A Denver man has completed his sentence for public lands offenses last year on Independence Pass above Aspen, only to face charges for his alleged antics at Hanging Lake and Keystone Resort ski area this year.
David Lesh faces five misdemeanor counts in connection with the Hanging Lake incident in June, and one more for an April incident in which he allegedly rode a snowmobile at Keystone.
The new charges, filed Tuesday, come as little surprise. During a June hearing by telephone on the Independence Pass case, presided over by federal Magistrate Judge Gordon Gallagher, who is based in Grand Junction, Assistant U.S. Attorney Pete Hautzinger indicated his plans to pursue charges after having just learned from Forest Service rangers about the Hanging Lake and Keystone incidents.
Lesh himself has been documenting some of the actions authorities say constitute legal violations.
He is the owner of the Virtika clothing company, and photos posted to his Instagram page showed a man appearing to be Lesh riding a snowmobile with a Virtika logo on it, with a July 4, 2019, post saying “Independence Pass on Independence Day. That’s a first,” according to a Forest Service investigation. He reportedly was accompanied by a second snowmobiler and crossed fragile, high-alpine tundra.
He was ticketed for possessing or using a motorized vehicle in designated wilderness, snowmobiling in a restricted national forest area, damaging any natural feature or other U.S. property, and selling or offering for sale merchandise or conducting any work activity based on his actions on the national forest.
Under an agreement with prosecutors, he was required to perform 50 hours of public service and pay a $500 fine to resolve that incident. He satisfied those conditions, meaning that a tentative return court date Tuesday was canceled.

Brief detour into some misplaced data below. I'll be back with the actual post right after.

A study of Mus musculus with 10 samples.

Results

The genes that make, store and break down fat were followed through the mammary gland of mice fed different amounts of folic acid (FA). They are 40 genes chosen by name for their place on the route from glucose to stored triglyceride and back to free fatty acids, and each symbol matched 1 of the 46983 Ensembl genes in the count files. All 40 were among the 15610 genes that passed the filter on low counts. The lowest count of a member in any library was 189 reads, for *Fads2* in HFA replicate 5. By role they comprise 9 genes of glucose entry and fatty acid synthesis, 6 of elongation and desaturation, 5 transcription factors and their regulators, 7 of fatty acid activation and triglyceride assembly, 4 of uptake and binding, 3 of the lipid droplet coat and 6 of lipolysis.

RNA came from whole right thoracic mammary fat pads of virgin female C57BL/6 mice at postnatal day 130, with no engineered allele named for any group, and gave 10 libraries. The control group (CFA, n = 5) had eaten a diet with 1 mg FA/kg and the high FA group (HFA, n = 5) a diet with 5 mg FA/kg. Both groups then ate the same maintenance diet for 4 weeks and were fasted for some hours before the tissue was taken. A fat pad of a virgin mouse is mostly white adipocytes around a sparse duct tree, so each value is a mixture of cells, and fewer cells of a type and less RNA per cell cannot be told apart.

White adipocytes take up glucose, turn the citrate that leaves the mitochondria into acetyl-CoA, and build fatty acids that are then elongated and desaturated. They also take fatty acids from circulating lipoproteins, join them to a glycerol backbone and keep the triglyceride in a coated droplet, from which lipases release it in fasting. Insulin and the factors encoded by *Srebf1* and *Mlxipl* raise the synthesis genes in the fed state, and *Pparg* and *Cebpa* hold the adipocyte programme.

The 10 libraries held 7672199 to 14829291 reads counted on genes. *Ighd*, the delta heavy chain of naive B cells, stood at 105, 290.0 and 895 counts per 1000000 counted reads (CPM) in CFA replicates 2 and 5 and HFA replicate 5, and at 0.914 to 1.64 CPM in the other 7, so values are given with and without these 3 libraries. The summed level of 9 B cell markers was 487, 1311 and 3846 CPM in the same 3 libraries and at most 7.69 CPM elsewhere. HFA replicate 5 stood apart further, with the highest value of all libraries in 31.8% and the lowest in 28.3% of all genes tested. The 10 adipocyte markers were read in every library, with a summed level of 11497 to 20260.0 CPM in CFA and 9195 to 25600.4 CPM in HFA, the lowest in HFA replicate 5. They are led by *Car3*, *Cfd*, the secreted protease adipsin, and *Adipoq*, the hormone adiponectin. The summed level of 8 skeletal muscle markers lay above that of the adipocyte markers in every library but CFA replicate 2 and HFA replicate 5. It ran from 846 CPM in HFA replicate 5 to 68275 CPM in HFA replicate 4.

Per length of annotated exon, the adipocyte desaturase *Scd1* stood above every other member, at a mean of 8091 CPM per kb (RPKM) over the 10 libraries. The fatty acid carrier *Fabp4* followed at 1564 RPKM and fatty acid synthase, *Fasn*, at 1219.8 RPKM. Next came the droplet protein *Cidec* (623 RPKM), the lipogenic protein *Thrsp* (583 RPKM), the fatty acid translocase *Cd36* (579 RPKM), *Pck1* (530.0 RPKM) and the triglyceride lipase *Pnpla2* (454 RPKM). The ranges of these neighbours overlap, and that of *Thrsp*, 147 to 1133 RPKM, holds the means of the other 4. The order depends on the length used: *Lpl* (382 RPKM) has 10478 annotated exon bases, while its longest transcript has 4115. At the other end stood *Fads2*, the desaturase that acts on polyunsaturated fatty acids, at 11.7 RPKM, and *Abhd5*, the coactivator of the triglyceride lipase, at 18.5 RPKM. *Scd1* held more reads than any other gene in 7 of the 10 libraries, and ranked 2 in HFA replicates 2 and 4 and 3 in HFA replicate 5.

In April Lesh reportedly posted social media photos showing him snowmobiling at a terrain park at Keystone. State ski areas had been closed at the time due to COVID-19. He has been charged with operating a snowmobile off a designated route.
In June, Lesh was the subject of considerable attention and outcry when he posted an Instagram picture of himself standing on a floating log that juts out into scenic Hanging Lake in Glenwood Canyon. Scott Fitzwilliams, supervisor of the White River National Forest, said a Forest Service special order prohibits anyone from swimming in the lake or walking on the log.
“It just seems he’s purposely doing this to get attention. Now he has to face the consequences, I guess,” Fitzwilliams said.
He said that as far as the Forest Service can tell, at the time of Lesh’s visit, Hanging Lake still was closed to the public as part of a regionwide forest order making developed recreation sites off limits due to the pandemic. Even when open, Hanging Lake is accessible only by purchasing a permit.
The five counts against Lesh related to Hanging Lake accuse him of entering or being in a prohibited body of water; entering an area closed for the protection of property; entering an area closed for protection of historical, archaeological, geological or paleontological interest; entering an area closed for the protection of special biological communities; and entering an area closed for the protection of endangered plants, animals or fish.
Hanging Lake is a blue-green travertine lake with a curtain of falls spilling into it and a hanging garden plant community.
Each of the six counts against Lesh is punishable by up to six months in prison and/or up to a $5,000 fine upon conviction. A charging document says prosecutors aren't seeking detention in this case.
Steven Laiche, the attorney who represented Lesh at his June hearing, couldn’t immediately be reached for comment after the new counts became publicly available late Tuesday afternoon.
The Forest Service heard from a number of people who were concerned about Lesh’s Hanging Lake post and possible impacts to the lake.
In his post, he said that before people feel compelled to offer their opinion on him walking barefoot on a log, they should consider the measures the Forest Service took to “protect” the Hanging Lake area. He said the agency “destroyed fragile ecosystems by paving roads and parking lots, building trails, bathrooms, visitor center, bridges, walkways, and signage, so hundreds of thousands of people could easily access this place. (Expletive) off.”
The Forest Service and partners implemented the permit system to limit daily visitor numbers and protect the area.